For the second time I’ve ended my editorship of Prometheus, the newsletter of the Libertarian Futurist Society.
I became the fifth editor in the newsletter’s long history back in 1994. For five years I produced quarterly print newsletters, with reviews, interviews, articles, and more on fiction, film, and other cultural aspects dealing with liberty. I took a break, overwhelmed with other organization stuff, since resolved by a more active LFS board of directors.
In 2005 I once again volunteered to edit the newsletter, and for the next 11 years produced an additional array of print copies. During that entire time I lobbied for a greater internet presence for the LFS and the newsletter. The age of the blog rose and fell (to a certain degree). Social media today rules, with Facebook, Twitter, Tumblr, and the micro-commentariat post snippets of dialog. I’m probably guilty of the same, tweeting tiny snippets and links far more often than writing anything here. Well, I’ve been busy trying to figure out how to write crime novels. That’s my excuse and I’m sticking to it.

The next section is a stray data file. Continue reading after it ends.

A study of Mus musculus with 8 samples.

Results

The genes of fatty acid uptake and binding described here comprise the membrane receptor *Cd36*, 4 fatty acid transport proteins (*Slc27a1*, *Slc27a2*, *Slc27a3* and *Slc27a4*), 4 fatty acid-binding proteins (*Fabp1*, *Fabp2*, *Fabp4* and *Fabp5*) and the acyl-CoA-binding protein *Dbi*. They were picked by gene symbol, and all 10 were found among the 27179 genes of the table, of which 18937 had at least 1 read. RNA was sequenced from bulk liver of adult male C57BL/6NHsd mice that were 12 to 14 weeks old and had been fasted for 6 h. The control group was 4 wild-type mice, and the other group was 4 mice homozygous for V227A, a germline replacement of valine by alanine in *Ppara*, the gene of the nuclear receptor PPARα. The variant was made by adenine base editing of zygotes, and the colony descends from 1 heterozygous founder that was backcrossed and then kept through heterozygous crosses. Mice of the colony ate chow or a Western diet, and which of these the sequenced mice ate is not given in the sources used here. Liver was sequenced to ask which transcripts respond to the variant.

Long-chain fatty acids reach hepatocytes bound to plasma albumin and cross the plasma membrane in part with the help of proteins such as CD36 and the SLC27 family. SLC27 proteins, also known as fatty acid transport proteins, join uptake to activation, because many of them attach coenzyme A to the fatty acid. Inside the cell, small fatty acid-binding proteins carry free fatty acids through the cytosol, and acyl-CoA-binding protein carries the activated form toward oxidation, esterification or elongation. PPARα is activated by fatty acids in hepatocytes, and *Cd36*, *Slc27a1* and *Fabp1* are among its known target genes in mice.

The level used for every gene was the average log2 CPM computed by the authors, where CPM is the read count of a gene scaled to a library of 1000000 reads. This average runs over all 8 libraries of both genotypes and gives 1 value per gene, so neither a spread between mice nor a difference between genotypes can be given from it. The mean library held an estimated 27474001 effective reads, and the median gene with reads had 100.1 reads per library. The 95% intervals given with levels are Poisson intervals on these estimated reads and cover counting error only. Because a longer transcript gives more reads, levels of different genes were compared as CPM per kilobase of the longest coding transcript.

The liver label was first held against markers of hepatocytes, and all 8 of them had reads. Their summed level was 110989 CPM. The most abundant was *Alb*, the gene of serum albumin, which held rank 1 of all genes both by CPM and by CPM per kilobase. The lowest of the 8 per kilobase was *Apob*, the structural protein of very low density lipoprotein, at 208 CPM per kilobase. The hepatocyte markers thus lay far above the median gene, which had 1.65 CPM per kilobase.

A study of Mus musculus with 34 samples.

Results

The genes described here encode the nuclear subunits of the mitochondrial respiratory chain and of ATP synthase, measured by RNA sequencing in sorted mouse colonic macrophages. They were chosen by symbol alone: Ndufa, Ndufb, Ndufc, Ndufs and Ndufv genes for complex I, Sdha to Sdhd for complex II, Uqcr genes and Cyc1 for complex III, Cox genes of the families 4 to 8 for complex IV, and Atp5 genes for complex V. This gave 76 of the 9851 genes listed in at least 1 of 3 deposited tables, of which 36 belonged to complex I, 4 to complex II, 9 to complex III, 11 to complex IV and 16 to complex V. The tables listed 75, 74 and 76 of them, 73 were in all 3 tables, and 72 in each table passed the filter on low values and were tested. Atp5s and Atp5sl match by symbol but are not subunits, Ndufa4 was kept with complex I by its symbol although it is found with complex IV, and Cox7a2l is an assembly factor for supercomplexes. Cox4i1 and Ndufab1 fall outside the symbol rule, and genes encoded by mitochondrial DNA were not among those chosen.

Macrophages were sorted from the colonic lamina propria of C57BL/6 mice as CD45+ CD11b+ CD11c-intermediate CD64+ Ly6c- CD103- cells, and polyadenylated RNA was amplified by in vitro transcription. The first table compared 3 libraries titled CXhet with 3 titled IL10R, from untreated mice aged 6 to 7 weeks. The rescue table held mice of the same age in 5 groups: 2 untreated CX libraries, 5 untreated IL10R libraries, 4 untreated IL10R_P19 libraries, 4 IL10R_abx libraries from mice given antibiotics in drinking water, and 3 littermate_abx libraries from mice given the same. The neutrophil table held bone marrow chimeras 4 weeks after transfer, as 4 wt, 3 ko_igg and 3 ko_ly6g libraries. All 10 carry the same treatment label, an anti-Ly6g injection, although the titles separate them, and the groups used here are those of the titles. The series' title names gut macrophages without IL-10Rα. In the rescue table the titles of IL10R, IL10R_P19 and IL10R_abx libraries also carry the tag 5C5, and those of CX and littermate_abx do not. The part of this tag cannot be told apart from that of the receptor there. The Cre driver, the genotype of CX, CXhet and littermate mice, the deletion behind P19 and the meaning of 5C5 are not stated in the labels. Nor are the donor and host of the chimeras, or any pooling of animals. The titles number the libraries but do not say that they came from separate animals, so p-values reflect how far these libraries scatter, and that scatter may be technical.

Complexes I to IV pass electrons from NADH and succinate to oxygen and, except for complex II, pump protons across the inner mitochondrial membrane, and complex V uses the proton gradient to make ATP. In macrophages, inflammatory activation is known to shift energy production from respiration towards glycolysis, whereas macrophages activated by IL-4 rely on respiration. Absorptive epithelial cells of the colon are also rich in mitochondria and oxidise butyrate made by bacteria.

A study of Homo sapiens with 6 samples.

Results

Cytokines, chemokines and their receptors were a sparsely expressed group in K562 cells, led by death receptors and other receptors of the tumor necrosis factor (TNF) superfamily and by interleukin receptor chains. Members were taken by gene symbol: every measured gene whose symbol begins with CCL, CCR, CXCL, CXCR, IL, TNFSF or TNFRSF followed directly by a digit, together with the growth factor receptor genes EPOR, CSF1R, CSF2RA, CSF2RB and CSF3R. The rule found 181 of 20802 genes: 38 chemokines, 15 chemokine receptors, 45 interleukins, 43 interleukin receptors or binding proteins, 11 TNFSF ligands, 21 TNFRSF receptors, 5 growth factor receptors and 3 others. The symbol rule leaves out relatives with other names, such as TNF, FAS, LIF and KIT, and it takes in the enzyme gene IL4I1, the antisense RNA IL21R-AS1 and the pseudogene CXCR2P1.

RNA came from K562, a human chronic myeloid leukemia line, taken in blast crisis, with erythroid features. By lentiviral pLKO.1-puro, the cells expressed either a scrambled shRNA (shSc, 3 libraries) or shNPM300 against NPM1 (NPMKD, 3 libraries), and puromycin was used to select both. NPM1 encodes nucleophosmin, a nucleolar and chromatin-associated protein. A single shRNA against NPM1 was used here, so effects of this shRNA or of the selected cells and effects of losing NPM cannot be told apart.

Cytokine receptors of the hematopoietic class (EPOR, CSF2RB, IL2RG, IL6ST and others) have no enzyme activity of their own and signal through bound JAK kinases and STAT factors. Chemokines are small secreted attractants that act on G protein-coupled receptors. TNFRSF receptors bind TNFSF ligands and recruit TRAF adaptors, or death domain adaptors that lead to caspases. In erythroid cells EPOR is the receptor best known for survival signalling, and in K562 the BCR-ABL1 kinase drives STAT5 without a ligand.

In 2016 I resigned once again as the Prometheus editor. Newsletters kept falling further and further behind schedule. I ended up having to write more and more content, save one or two other consistent contributors. My focus shifted away from science fiction toward crime fiction. If I don’t read SF, I can’t review SF, can’t keep my finger on the pulse of SF. I felt like Sisyphus, pushing a heavy rock up a hill, and with each published issue rushing down hill once more to press my shoulder to the rock.
I’m happy to say that the LFS finally has its own blog, as of May 2017. I’m writing a series of reviews on the collected stories of Pool Anderson, one on Jack Vance that appeared in the newsletter, and possibly a revision of my 50 works libertarian sf fans should read.
The audience for the LFS blog eventually will exceed the newsletter. There are pros and cons in that regard, as non-libertarians will feast on what they dislike, but so be it. Comes with the territory, I suppose.